Although his image is probably one of the most common in the Western world, all the images you have seen are far from accurate. New evidence suggests that his skin was much darker and his features less central European.
In every country where Christianity has taken root, the image of Jesus Christ has been slightly -or not so slightly- altered to make it more appealing to the locals. But one single look at any work of art, movie, or TV series will make it clear that the idea we have of his appearance is that of a tall, white man, with light brown hair and eyes.
But, how close is this image to that of a man from Jerusalem (or Judea) 2000 years ago? The quick answer is: not very much. Most artists have used their imagination to create portraits of Jesus, since there are no paintings of him, much less physical remains, like bones, that would allow for a DNA analysis to be performed to find out the real appearance of Jesus.
But recently, an interdisciplinary group of scientists from England and Israel devised a clever use of the tools of forensic anthropology to make a reconstruction of the appearance of an average man in ancient Judea.
To do so, they used three skulls that belonged to men living 2000 years ago and performed CAT scans on them. According to the article published on Popular Mechanics, they imaged layer upon layer of the three skulls to capture every detail. Then, they fed this information into a software that estimates the amount of tissue this bone structure supported. With this data, they were able to reconstruct a face. The bones they used also helped them to figure out the average height of a man of the time: Jesus would be about 5' 1".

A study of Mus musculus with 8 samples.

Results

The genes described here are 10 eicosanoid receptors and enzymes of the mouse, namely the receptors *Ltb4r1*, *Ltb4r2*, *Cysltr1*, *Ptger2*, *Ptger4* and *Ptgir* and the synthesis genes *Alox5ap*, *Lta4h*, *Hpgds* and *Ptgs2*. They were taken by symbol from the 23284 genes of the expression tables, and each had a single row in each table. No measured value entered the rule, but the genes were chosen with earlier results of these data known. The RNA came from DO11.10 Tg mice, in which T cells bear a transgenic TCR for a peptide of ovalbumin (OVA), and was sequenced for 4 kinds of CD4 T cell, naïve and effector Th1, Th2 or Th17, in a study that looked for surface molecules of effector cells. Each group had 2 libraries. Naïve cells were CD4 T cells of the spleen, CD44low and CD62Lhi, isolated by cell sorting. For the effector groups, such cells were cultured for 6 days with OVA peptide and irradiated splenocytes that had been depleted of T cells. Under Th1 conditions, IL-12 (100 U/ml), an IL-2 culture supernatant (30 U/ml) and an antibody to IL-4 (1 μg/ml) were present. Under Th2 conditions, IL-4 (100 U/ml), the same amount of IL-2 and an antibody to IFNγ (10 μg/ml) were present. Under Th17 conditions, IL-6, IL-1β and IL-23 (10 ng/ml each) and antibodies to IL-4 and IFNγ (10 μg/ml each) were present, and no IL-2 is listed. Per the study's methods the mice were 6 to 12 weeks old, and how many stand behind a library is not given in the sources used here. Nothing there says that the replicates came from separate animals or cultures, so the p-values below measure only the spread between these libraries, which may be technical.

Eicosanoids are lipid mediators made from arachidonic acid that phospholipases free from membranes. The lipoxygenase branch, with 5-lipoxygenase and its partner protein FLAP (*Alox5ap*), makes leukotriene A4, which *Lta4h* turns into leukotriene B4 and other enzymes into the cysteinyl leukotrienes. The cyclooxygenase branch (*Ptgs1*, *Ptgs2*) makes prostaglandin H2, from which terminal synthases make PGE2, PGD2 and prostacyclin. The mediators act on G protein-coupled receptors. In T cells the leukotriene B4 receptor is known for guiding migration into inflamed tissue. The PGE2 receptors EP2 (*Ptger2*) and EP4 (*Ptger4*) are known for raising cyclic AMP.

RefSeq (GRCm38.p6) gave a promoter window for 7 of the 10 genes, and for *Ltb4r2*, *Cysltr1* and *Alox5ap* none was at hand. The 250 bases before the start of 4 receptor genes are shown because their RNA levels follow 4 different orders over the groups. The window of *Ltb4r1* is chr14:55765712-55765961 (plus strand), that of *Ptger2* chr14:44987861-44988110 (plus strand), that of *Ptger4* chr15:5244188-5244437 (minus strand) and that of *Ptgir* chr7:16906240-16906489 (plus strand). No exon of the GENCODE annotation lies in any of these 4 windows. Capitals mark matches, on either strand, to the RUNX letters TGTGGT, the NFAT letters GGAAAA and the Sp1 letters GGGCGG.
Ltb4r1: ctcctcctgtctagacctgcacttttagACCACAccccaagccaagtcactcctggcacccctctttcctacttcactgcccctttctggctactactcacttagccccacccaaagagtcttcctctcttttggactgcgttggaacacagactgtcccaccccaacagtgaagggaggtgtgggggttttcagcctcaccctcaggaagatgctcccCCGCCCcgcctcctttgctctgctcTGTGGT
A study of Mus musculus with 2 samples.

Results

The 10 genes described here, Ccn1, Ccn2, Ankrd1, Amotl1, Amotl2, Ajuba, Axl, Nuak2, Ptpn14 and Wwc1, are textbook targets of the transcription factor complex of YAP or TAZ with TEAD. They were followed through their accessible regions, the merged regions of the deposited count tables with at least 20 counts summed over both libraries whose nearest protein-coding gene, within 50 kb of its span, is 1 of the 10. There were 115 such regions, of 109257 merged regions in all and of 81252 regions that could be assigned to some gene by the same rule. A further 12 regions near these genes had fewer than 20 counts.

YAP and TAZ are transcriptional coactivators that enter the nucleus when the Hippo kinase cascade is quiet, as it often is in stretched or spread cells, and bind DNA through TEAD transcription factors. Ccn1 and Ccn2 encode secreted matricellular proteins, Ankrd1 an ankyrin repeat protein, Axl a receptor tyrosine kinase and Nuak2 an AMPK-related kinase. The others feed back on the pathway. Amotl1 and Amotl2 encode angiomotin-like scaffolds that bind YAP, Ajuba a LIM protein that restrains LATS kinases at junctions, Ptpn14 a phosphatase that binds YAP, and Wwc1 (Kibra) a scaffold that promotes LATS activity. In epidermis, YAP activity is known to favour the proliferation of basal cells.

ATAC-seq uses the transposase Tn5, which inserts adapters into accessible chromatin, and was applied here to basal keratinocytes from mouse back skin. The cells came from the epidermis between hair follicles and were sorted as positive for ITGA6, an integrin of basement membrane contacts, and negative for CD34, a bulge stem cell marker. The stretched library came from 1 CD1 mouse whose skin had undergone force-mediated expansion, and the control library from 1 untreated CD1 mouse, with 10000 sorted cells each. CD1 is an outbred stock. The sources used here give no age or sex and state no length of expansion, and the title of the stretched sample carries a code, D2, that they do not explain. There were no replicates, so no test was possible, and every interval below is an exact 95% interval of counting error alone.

Still, there is one piece of information that is impossible to figure out with forensics —specially if there are only bones left to study—: skin, hair, and eye color. Here the team of experts made use of historical sources. They studied what they knew of ancient Semite people, and it was easy to come to the conclusion that men used to have short hair, their faces were most certainly not white and that, according to the style at the time, he wore a beard.
Of course, this image is far from the one that was obtained from the Shroud of Turin, the piece of cloth that supposedly was used to cover Jesus' body and that retained an image of his face and body. The image obtained from the shroud --which many take to be a faithful representation of Jesus' image-- shows a man with long hair and beard. But Carbon-14 tests performed on the cloth date the item to hundreds of years after Jesus was alive.
Mosaic with the image of Jesus of Nazareth in the church of Santa Sofia, Istambul, 1280 c. / Photo: Wikimedia Commons.
The reconstruction made by the team of experts does not pretend to represent Jesus, but just an average man of his own time, and certain features are impossible to determine even with all these scientific tools, such as the size and shape of the lips. But one thing is for sure, this study about the appearance of the Semite people has helped to debunk the idea that Jesus looked like a modern Western European man.
The cover image is the work of Luis Atilano, follow him on Instagram.